Firewire: The Forgotten Security Risk

Tue 18 January 2011 Category: Security

The battle between Firewire and USB has been won by USB, but Firewire is still arround. It is not that prevalent, cheap computers lack Firewire, but they often have a PCMCIA slot.

The thing is this: Firewire allows direct access to all RAM of your computer. An attacker can:

  • unlock your screensaver without a valid password;
  • read the contents of documents or files present in memory;
  • defeat FDE (Full Disk Encryption) like Truecrypt or Bitlocker;
  • do nasty things with your computer limited only by skill and imagination.

So if you leave your system unattended for a short duration, consider your system compromised. I mean, if you are a celebrity or something, otherwise, don't worry, nobody would be bothered since it is a risky attack: the attacker needs physical access.

The attacker attacks your laptop by connecting his laptop to yours with a Firewire cable. Firewire must be enabled in the BIOS of the victim, which is the default in most cases. Even if Firewire is disabled, the PCMCIA adapter can also be used to access RAM. The attacker can insert a PCMCIA Firewire controller and use it to attack your laptop.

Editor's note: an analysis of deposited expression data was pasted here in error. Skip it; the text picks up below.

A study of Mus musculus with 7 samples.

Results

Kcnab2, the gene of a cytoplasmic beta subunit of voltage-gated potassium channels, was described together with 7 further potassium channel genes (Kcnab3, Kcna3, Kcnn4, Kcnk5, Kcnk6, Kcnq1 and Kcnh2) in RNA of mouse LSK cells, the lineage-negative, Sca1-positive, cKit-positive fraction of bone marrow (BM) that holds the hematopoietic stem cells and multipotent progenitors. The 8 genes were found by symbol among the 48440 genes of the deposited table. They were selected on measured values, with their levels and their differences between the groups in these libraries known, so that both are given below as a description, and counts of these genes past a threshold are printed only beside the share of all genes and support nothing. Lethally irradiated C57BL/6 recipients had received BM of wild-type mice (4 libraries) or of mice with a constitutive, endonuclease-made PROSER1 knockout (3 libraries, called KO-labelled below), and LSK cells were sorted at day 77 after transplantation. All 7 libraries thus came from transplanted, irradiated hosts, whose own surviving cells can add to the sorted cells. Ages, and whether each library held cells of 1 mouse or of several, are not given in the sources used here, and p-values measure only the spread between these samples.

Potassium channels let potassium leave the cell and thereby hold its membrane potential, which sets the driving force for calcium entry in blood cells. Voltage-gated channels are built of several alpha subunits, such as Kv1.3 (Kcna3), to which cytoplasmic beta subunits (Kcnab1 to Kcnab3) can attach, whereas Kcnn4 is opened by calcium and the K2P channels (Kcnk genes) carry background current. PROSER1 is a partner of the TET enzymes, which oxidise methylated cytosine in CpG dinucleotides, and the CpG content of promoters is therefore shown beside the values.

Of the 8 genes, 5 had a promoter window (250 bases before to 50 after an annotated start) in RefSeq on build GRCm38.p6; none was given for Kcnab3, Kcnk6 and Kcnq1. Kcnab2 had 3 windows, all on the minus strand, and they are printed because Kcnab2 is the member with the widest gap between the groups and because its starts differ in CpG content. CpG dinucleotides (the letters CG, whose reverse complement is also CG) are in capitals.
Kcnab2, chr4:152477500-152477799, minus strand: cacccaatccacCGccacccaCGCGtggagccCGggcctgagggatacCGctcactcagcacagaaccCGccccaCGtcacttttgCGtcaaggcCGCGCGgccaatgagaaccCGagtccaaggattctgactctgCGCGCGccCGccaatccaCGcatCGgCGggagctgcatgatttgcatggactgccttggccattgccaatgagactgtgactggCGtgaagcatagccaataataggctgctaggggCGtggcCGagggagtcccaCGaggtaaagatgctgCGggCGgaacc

Basically, the Attacker makes the attacking laptop pretending to be an iPpod, a type of advice which is allowed to access memory through DMA. This allows the attacker READ and WRITE access to memory. The possibilities are endless, but injecting executable code, compromising the laptop is not far fetched.

Many people may already have stopped reading because this attack is very old and widely publicised: it dates back to 2003/2004. However if you are not familiar with this attack and want to know more about it, visit this site.

The mitigation

As far as I know, the only solution to prevent this type of attack is to disable both Firewire and PCMCIA support in the BIOS. It is smart to protect the BIOS with a strong password, so both options cannot be enabled.

I read somewere that most recent Apple Macbook models are no longer vulnerable, but I could just make that up.